This evening the Royals are scheduled to play an exhibition game in Omaha against their AAA affiliate, the Storm Chasers. It is the first time the two teams have matched up in almost two decades. The score of the game won’t matter much - the Royals are unlikely to even play many regulars. Nonetheless, this is an important game that the Royals should schedule on a regular basis.
The Royals have had a special relationship with the city of Omaha ever since their inception in 1969. Professional baseball has been played in Omaha since 1879. For many years they hosted a team in the Western League that went through several iterations - the Omahogs, the Indians, the Rangers, the Rourkes (named after their owner-manager Pa Rourke), the Buffaloes, the Crickets, and the Packers. After a hiatus due to World War II, Omaha fielded a new team, the Cardinals, affiliated with the St. Louis franchise, although not without some controversy. The Cardinals lasted until 1959, and after a year with no baseball, Omaha had a two-year affiliation with the Dodgers. But teams were cutting back on their numerous minor league clubs, and Omaha was left without a team beginning in 1963.
In 1969, minor league baseball returned to Omaha with the revival of the defunct American Association. With four new Major League expansion teams that year, there was a need for more affiliates. Both the Kansas City Royals and Montreal Expos helped staff the roster that first year, but it was clear whose team it was with the team name - the Omaha Royals. The Expos would get their own affiliate in 1970, and the Royals kept their affiliation with Omaha for 50 years, the third-longest running affiliation in baseball.
Major League teams playing their minor league affiliates used to be a common occurrence. In the 1960s up through the 1990s it was common for teams to take a scheduled off-day in the middle of the regular season and travel to Columbus, Ohio; Wichita, Kansas; Louisville, Kentucky to play an exhibition game against one of their affiliates. In 1971, the Royals had their first exhibition game against Omaha.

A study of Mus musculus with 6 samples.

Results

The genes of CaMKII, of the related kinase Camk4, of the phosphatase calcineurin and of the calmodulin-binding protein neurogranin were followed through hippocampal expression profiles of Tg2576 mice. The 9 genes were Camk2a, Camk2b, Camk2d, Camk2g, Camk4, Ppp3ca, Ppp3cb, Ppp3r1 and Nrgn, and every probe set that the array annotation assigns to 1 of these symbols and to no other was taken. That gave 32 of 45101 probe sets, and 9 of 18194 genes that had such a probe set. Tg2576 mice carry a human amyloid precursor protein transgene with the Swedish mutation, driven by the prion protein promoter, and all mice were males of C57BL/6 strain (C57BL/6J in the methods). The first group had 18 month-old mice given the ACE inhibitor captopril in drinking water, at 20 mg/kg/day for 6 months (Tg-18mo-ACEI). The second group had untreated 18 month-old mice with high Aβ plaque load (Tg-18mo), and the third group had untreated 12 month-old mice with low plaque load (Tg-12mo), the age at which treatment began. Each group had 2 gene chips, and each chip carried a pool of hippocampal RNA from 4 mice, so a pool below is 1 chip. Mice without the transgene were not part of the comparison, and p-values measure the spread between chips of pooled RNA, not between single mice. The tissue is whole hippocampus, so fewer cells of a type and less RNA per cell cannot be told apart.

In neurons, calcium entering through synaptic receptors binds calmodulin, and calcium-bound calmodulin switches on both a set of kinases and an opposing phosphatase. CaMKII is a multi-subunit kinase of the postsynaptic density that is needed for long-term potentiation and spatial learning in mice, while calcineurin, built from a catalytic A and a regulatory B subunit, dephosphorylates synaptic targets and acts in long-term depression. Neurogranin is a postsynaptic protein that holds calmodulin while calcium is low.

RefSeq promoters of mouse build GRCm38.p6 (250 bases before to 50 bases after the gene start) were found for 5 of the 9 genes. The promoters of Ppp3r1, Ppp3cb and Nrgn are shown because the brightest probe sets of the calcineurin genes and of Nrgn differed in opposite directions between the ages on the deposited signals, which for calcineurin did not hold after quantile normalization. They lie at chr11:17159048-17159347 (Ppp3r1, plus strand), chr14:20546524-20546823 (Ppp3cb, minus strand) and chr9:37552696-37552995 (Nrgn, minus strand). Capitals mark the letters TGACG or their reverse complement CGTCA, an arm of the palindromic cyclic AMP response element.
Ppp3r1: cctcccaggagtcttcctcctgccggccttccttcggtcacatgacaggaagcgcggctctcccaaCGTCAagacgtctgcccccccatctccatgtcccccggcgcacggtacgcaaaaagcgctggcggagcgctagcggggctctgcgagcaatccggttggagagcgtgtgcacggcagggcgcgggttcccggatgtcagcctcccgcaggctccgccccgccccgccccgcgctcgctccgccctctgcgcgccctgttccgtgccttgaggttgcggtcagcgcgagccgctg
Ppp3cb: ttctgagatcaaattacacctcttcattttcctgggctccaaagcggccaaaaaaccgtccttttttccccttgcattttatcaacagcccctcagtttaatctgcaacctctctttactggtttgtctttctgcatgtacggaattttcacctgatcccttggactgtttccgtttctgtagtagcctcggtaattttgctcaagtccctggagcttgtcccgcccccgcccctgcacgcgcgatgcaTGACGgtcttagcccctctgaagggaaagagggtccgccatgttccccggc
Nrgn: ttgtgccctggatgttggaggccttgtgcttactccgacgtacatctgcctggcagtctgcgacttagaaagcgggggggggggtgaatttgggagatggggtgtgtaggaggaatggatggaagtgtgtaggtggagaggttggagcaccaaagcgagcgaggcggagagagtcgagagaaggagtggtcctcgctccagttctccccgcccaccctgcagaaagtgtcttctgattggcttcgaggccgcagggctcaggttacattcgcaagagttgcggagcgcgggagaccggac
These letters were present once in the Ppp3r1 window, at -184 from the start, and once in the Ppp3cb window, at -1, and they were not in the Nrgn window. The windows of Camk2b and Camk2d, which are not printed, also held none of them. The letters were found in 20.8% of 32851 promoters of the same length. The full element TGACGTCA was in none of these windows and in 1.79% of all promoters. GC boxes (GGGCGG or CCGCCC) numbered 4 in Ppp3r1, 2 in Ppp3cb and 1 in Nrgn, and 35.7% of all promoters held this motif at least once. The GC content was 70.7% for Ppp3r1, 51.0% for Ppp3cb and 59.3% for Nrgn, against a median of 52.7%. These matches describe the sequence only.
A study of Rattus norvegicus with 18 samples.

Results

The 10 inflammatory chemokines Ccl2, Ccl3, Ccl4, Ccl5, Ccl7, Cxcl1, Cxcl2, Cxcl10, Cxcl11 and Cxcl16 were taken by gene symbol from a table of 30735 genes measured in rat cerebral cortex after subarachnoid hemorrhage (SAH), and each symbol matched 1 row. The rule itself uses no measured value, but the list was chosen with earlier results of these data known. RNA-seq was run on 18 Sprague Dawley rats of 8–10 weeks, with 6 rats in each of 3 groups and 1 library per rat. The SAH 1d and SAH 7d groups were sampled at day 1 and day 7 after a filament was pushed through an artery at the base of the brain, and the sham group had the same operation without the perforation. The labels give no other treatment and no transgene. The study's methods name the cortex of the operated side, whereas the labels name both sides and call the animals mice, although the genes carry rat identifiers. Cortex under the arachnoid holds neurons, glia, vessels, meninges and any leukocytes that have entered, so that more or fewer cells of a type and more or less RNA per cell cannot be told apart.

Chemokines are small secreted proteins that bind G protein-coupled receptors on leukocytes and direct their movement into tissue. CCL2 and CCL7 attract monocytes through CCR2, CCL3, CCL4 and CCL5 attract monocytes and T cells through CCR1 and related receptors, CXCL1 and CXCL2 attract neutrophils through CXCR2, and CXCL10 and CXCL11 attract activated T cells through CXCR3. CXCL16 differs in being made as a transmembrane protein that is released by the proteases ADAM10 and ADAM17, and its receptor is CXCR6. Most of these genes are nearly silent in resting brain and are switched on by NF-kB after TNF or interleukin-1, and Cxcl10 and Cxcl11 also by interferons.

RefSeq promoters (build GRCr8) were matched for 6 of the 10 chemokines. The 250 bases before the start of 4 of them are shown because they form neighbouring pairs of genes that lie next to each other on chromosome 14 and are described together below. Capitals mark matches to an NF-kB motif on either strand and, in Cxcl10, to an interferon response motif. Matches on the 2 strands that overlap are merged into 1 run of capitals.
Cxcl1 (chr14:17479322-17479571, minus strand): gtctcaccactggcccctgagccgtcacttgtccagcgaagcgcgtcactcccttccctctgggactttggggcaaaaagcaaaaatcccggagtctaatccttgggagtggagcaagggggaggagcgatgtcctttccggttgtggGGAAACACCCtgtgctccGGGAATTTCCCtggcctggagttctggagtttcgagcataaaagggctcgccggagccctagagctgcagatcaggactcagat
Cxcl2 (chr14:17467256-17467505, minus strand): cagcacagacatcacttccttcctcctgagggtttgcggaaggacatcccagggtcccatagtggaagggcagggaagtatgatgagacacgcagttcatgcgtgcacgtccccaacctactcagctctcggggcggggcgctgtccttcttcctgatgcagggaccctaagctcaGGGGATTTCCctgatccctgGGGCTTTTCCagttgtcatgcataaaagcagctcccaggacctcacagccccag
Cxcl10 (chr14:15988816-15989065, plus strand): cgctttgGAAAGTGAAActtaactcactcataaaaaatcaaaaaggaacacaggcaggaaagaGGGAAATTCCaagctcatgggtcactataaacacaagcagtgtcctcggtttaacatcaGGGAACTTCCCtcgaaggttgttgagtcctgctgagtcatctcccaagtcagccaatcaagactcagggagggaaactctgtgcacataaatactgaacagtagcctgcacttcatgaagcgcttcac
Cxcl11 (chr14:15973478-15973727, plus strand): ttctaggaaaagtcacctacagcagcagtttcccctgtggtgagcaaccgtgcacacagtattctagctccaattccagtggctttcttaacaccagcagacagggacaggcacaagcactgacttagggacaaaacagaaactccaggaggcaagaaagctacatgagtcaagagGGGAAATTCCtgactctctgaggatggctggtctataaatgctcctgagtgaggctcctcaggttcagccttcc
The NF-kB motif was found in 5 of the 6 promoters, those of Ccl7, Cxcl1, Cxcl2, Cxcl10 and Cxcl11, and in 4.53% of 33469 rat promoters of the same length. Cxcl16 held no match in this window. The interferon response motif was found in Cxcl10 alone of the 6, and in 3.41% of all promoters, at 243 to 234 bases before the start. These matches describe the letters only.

That time in 1971 when Denny Matthews PINCH HIT(!!) for the @Royals in an exhibition game against the Omaha Royals at Rosenblatt Stadium. (story from @OWHnews) pic.twitter.com/APRBBlWyEu— Andrew Green (@andruwgreen) February 19, 2018
The game became a yearly tradition, a way of paying back affiliates for their service with a game that could guarantee a strong gate. Sometimes the stars played, often times they didn’t, but for a day, these minor league towns got a taste of the big leagues.
#TBT: photo from the 1995 Royals Exhibition Game at Rosenblatt Stadium.#50maha pic.twitter.com/0w2PoETPB3— Omaha Storm Chasers (@OMAStormChasers) March 22, 2018
Eventually, however, teams began protecting their regulars more and more to the point where the Major League roster would be populated mostly by low-A players on loan. The players began to complain about using their off-day to travel to a far away town playing in less-than Major League conditions. Eventually, exhibitions during the regular season would be prohibited.
The fortunes of the Royals at the Major League level didn’t help matters either. As the Royals plunged to the bottom of the standings, interest in seeing them dwindled. Attendance fell from a crowd of 13,788 for the exhibition in 1997 to just a few thousand fans in 2000, when the Royals fielded a lineup that kept stars Johnny Damon, Carlos Beltran, and Mike Sweeney out of the lineup in favor of Scott Pose, Jose Pagan, Rod Metzler, and James Shanks.
Just wondering, but maybe this annual exhibition game between the Omaha Golden Spikes and their parent club, the Kansas City Royals, has run its course.
-Rob White, Omaha World-Herald
That 2000 game would be the last exhibition game for the Royals in Omaha. Until now.
As the Royals celebrate their 50th anniversary, Omaha celebrates its 50th season in AAA. To commemorate the anniversary, they have revived the exhibition against the Royals, to be played tonight. The game sold out within 24 hours.
Clearly there is interest in seeing Royals stars in Omaha again. And even if Mike Moustakas and Danny Duffy aren’t on the field, having them in the ballpark, interacting with fans and making appearances helps grow the fanbase in Omaha.
Because the Royals need to preserve their fanbase. The Kansas City metro are is one of the smallest in all of Major League Baseball. The Royals depend on having a broad regional appeal to other Midwestern cities like Wichita, Topeka, Tulsa, Springfield, and Omaha. With the Cardinals to the east, the Cubs and Twins to the north, the Rockies to the west, and the Rangers to the south, the Royals need to protect their territory like Jon Snow fending off the Lannisters, Targaryens, and Greyjoys. The House of Omaha has been loyal to the Royals through thick and thin, and should be rewarded as such.
Hopefully the interest in tonight’s game helps spur an annual event. The Royals must play exhibition games to ready themselves for the season. Instead of playing those games in San Antonio or Arlington, Texas, as they have in past seasons, why not give their fans in Omaha a treat? Storm clouds loom for today’s game, but hopefully they can be “chased” away and Omaha can be Major League for a night.